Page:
A mouse finds himself entangled in the tether of a camel, and as the camel begins to move forward, the mouse suddenly thinks that it is he who is driving the beast; he thinks, I’m a mouse of a special kind. The camel has a hunch that his tiny new companion has gained an inflated opinion of his strength. He tells him, Amuse yourself, I’ll sort you out. They then come to a deep river; the mouse freezes in his tracks. The camel says to him, Why are you at a loss?/Step forward like a brave man—walk across!/Great mouse, my guide and leader, don’t stop here/And give up. There is nothing now to fear. The two animals discuss the water’s depth. While the camel shows the mouse it only reaches to his knees, the mouse reminds the camel, A dragon for me is an ant to you. In other words, if the water comes to the camel’s knees, it’s already far above the rodent’s head. The camel sees this as a teaching moment. He tells the mouse, Don’t be so bold again/Or else you’ll burn with soul-tormenting pain! He’s on a roll, Compete with your own species, and beware/You’ve nothing that a camel wants to share. The mouse begs his forgiveness and begs for a ride. Help me to make it to the other side! The camel feels a sense of compassion, Jump!/Climb on my back, then rest upon my hump./This is not difficult for me to do/I could take millions of small mice like you!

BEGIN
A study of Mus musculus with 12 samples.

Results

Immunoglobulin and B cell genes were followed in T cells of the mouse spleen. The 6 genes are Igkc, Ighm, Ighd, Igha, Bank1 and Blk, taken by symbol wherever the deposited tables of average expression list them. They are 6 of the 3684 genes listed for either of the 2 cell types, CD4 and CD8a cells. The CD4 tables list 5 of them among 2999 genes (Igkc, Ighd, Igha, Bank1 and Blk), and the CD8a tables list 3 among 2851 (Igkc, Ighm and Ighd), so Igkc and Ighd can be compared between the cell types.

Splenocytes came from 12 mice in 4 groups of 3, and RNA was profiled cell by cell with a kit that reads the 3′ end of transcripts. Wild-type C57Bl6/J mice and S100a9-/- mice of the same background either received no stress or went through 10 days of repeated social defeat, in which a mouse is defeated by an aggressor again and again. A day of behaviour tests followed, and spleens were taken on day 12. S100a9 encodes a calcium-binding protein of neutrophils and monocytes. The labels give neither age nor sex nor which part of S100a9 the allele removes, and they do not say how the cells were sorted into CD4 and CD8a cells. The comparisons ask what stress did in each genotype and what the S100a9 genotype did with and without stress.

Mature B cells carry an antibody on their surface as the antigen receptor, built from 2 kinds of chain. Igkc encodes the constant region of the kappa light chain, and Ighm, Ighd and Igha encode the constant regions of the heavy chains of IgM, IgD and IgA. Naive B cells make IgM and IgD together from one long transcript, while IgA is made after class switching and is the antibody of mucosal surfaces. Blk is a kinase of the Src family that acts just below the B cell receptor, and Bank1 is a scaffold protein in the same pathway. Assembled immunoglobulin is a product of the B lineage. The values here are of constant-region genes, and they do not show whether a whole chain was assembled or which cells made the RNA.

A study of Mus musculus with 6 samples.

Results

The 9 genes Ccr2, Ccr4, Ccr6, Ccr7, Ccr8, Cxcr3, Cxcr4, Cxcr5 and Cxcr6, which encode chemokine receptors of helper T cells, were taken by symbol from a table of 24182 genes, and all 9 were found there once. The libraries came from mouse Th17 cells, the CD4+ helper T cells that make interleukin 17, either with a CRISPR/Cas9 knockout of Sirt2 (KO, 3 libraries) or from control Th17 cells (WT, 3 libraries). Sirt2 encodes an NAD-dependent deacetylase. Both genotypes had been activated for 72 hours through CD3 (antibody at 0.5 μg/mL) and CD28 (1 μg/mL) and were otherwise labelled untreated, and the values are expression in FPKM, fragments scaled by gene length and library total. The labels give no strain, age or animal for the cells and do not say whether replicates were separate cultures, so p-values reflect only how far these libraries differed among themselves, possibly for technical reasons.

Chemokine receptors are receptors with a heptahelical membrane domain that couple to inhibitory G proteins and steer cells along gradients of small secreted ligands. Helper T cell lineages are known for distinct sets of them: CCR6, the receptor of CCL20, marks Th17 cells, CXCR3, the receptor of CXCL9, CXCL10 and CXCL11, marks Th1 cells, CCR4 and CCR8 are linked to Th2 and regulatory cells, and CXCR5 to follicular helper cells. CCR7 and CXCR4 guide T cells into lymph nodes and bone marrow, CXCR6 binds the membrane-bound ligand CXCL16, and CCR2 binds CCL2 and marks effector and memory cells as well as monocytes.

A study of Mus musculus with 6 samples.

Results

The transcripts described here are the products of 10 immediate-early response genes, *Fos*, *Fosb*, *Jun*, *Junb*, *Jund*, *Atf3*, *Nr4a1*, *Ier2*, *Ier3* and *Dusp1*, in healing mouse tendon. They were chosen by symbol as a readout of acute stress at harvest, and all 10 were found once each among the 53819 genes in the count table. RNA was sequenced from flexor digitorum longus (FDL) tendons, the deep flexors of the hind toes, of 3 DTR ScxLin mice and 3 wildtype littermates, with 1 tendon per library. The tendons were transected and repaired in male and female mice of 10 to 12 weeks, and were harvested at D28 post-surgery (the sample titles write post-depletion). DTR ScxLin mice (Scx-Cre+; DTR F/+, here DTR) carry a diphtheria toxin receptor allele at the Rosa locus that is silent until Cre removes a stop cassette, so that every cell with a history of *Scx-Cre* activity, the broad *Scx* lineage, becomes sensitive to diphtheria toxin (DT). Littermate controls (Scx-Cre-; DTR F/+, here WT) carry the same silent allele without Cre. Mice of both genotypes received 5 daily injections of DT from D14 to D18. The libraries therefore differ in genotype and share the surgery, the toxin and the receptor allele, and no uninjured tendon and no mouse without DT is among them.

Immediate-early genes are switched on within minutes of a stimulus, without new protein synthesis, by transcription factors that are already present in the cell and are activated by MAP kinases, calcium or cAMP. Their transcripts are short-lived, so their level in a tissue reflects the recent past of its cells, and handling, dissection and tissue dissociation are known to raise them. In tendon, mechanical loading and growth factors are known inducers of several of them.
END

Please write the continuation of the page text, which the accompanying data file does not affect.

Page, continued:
“The Camel and the Mouse” is a tale from Rumi, the celebrated thirteenth-century Persian poet, teacher, theologian and Sufi mystic. And like Aesop and the Panchatantra‘s anonymous author, Rumi saw in animals’ true nature, lessons to guide his fellow Sufis along their mystical path toward their ‘union with God’ and utter ‘knowledge of reality.’ The mouse’s lesson in humility and dozens and dozens of other fables appear in his impossibly long, twenty-six-thousand-verse-poem the Masnavi. Its plain title, translated to mean nothing more than a straightforward description of the work’s structure, its ‘rhyming couplet,’ belies the fact that it’s considered the ‘greatest mystical poem ever written.’ Rumi marinates each anecdote in his own words of wisdom and advice. The mouse’s conceit enables the poet to admonish: Act like a subject, since you’re not the sultan!/Don’t row the boat when you are not the boatman/…God said, ‘Keep silent!’ so don’t you forget./Be all ears since you’re not God’s mouthpiece yet!”
Sources: Lines from The Masnavi (Book Two) by Rumi, translated by Jawid Mojaddedi, Oxford World’s Classics, Oxford University Press, 2008; Dar-al-Masnavi.org.
(Image: A mouse, clutching the reins of a camel, at a stream of water, ink and pigments on thin laid paper, folio from an illuminated manuscript of Rumi’s Masnavi, scribe unknown, circa 1663, the Walters Art Museum, reproduced for non-commercial use only.)